College students are among the most vulnerable to the trap of addiction and the likelihood of an overdose. The negative effects caused by prescription drug abuse doesn’t show up until the consequences begin to manifest in negative ways. This could mean losing a scholarship, losing friendships, losing health and risking a bright, young future to a reckless addiction.
The National Institute for Drug Abuse states that young people between the ages of 18 and 25 are the most likely to consume prescription drugs illegally while distributing them to their peers. Thankfully, the University of South Carolina is making it easy for students to get help for opioid addictions. A “lifesaving” overdose-reversal treatment is being made available to students without the need for a prescription.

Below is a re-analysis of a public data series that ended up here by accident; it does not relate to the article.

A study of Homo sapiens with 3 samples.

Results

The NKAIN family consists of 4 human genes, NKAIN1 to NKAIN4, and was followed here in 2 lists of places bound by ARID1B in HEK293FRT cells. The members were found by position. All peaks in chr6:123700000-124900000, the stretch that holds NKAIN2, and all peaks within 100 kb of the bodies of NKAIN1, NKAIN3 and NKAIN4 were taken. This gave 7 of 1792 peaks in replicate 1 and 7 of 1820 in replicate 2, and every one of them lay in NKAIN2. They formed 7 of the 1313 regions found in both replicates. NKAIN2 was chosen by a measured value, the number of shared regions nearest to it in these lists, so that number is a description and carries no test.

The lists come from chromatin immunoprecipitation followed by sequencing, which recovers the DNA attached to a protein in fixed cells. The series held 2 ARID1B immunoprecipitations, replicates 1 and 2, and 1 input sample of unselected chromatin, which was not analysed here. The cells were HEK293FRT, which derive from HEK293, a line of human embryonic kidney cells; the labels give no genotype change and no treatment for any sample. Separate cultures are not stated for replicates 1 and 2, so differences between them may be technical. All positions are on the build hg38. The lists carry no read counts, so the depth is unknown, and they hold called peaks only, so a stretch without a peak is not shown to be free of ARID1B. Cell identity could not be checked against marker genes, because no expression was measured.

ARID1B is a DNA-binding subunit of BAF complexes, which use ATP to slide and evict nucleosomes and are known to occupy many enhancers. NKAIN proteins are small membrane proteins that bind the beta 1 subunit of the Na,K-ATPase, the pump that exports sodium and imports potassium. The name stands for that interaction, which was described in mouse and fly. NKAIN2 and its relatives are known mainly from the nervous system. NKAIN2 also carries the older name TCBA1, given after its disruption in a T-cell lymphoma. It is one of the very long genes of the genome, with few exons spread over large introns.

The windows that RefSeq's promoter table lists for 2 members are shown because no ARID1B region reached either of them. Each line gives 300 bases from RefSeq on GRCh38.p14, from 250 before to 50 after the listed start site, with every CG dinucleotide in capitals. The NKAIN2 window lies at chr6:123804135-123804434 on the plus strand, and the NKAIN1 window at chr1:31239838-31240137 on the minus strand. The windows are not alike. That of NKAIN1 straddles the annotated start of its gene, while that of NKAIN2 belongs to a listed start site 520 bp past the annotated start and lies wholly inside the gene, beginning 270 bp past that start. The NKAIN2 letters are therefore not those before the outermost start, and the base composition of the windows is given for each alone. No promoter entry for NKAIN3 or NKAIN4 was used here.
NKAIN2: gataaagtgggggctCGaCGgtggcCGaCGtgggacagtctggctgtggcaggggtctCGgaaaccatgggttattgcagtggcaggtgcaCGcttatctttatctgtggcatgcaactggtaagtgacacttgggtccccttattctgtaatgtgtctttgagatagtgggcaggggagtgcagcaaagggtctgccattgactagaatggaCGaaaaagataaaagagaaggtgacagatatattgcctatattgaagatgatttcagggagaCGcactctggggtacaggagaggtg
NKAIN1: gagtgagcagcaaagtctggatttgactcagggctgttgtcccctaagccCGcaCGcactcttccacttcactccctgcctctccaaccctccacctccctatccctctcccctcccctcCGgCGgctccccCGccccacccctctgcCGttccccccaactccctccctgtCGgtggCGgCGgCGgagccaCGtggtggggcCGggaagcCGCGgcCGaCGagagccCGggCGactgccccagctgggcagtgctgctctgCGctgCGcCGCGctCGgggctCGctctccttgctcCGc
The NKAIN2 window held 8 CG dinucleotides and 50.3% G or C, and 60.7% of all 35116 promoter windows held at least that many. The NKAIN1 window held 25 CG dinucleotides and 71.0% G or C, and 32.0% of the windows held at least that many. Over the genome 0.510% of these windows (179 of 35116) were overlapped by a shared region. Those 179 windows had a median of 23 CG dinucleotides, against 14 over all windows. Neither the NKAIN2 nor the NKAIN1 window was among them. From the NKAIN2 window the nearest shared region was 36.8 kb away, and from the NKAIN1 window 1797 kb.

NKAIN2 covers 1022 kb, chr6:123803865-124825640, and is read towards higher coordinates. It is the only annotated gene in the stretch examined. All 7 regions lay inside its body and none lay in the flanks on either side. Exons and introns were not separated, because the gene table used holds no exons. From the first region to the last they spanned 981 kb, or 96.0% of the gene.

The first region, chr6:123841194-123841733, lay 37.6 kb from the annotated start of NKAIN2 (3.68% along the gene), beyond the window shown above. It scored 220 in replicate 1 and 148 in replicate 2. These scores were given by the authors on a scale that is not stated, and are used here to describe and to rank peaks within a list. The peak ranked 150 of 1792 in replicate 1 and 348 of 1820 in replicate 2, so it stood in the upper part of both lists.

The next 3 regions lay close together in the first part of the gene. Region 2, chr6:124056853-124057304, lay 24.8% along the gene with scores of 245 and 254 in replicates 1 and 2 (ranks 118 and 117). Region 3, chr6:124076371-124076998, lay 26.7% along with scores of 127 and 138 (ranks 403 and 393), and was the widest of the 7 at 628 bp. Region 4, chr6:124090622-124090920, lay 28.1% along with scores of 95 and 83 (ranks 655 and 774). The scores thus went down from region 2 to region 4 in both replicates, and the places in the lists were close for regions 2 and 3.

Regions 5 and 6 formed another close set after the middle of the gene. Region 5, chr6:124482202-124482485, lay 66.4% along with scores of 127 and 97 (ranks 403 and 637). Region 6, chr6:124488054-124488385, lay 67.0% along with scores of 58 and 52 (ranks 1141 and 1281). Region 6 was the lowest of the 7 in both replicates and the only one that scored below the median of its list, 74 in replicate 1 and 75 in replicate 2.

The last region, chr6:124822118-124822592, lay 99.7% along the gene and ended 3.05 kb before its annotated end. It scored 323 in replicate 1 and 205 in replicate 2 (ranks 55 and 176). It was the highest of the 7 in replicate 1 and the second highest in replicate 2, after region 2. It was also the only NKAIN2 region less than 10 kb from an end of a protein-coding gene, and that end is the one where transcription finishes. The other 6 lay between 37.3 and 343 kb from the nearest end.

What is Narcan?
Narcan is the brand name associated with the drug treatment naloxone. Naloxene is a nasal spray that dramatically stops the overdose symptoms that lead to a premature death. Students have fewer barriers to accessing Narcan since no prescription is required. When students know what they have available to them, they can seek out the necessary resources to help themselves or their loved ones suffering with prescription drug addiction.
Not only does prescription drug overdose cause potentially lethal consequences, but many times legal consequences as well. Students accused of illegal drug abuse face another harsh layer of negativity. Criminal charges intensify the reality of struggling with an addiction. The reality of trying to climb out of a deeper and deeper pit due to the unraveling of your values. Valuing the temporary effects of an opioid simultaneously pickpockets your future while you are distracted with the escape of the moment.
The good news is that you have options and help available through various types of organizations and legal representatives. You are not alone and if you are a parent, your son or daughter has supportive resources to fight an addiction and the consequences that come with it.